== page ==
Photographs figure prominently in An Almost Holy Picture, which is currently on view at Mustard Seed Theatre. Heather McDonald's play is a monologue about one man's journey to — and away from — God. McDonald is adept at showing us a veritable photo album of snapshots in the guise of anecdotes and stories from the life of Samuel Gentle, a former pastor-turned-gardener whose faith has been challenged beyond understanding (which of course is a fundamental tenet of faith). Samuel's life has been scarred by callous cruelty and defined by ineffable sorrow.
It might be argued that cruelty and sorrow are not what most people look for when they go to the theater. (Isn't there a good Neil Simon on the boards somewhere?) But thanks to Gary Wayne Barker's pristine portrayal of Samuel, An Almost Holy Picture offers a rare communion between actor and audience that is nothing less than purifying. There is no "fourth wall" here; Samuel stands before us exposed. Even as he bares his own soul, he is looking at us and through us. A once-obedient steward who has lost the ability to hear the voice of God, Samuel desires that we understand what he cannot. We might hope that Michael Sullivan's lighting design has left us protected in the darkness, but hope is in short supply at An Almost Holy Picture. And so we must respond; at the very least, attention must be paid. Both actor and character demand it.
Director Bruce Longworth has supported his solitary actor with a set by Dunsi Dai that establishes the play's varying exterior locales (Cape Cod and the American southwest) as well as its inner universe, which is Samuel's tortured mind. The sound design by Rusty Wandall also serves to assist the viewer in visualizing those snapshots from the past.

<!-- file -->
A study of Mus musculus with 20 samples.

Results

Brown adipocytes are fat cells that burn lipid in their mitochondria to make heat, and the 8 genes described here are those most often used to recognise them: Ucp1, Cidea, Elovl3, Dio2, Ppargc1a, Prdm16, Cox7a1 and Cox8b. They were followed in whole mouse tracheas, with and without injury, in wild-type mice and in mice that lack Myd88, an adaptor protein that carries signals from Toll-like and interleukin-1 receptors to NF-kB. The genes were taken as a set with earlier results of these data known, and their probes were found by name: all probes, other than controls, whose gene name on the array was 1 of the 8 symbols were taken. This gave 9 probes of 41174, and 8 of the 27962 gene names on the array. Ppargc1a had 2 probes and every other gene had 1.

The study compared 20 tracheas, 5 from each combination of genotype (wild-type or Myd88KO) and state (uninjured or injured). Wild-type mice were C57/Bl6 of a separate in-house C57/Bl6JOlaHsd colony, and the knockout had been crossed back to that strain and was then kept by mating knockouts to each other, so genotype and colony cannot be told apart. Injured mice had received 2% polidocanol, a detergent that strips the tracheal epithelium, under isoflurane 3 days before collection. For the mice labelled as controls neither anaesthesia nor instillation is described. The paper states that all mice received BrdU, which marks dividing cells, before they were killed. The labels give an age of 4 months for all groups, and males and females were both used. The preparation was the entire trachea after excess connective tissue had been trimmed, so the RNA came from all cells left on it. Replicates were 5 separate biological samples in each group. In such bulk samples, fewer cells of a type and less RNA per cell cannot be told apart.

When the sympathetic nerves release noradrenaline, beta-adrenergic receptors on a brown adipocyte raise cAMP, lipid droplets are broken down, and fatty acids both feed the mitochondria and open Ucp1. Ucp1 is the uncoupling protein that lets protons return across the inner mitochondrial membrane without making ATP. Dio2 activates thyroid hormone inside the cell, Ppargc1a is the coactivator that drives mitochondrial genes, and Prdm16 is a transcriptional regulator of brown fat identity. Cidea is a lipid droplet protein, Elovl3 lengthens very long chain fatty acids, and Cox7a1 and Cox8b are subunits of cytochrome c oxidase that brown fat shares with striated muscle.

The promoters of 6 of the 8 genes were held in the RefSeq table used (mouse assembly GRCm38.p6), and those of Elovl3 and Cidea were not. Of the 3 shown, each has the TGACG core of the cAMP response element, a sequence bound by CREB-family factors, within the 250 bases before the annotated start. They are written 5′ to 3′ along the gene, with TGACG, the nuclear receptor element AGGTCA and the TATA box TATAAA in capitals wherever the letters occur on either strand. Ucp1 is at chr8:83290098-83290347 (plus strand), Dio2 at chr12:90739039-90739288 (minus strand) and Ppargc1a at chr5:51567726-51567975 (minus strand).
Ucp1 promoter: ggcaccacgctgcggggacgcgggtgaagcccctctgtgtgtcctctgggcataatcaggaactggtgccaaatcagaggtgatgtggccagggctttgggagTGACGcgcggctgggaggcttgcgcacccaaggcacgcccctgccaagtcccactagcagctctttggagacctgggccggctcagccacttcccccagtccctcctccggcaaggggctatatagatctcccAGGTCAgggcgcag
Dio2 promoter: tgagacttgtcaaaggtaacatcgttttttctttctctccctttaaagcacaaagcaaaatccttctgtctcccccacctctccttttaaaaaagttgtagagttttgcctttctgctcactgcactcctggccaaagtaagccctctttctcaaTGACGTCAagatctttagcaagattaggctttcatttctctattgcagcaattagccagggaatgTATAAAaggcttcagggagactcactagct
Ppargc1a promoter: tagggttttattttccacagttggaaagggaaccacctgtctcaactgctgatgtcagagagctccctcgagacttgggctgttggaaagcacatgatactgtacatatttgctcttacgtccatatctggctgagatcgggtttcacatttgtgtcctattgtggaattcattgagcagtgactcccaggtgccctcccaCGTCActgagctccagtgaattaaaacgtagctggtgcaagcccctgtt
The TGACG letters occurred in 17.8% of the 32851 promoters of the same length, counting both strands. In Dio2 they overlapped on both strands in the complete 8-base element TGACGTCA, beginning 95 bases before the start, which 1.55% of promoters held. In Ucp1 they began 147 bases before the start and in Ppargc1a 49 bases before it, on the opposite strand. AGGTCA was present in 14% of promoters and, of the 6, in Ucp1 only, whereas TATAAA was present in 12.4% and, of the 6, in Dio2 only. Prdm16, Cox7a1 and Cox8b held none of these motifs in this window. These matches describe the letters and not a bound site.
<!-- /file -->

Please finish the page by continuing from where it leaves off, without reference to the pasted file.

But this is Barker's night. Although the surname Gentle seems a little on the nose, that's exactly what Barker is. He almost always brings a gentle civility and an uncommon intelligence to his acting, but never more so than here.
"I'm intrigued by transformations," Samuel tells us (as he recounts his wife, Miriam, playing Amanda Wingfield in a summer stock production of The Glass Menagerie). But the evening's most complete transformation is Barker, who immerses himself in the character to the point where he is clearly and comfortably in the actor's groove and can do no wrong. He uses every resource at an actor's disposal, paints with every color of the spectrum, to create this ambivalent man whose personal idea of God is forever fluid. Name an emotion — anger, fear, rage, love, confusion — and by the time the play has ended Barker will have tapped into it.
Although Barker rarely stops speaking for nearly two hours (intermission excepted), he never once delivers a speech. One of his most appealing qualities is spontaneity. He is constantly reaching for sudden new thoughts that encourage us to stay with him.
Sadly, by evening's end the playwright's emphasis shifts. No longer is she content to conjure snapshots from the past. Instead the story line becomes entangled in a verbal bog from which it never extricates itself. Samuel devolves from storyteller into a suffering, Job-like character who rails against the infinite. It makes for a murky ending to what heretofore had been an involving story.
Yet Barker still has one final revelation: When the piece is over, after the countless words are all behind him, Barker's modest curtain call is a humbling exercise in humility. He seems almost embarrassed to have to acknowledge the applause. Is this Samuel, or is it Gary Wayne Barker? Or is it a blending of both? To the very end, An Almost Holy Picture exemplifies the concept of the actor as supplicant, forever in service to both the role and the text.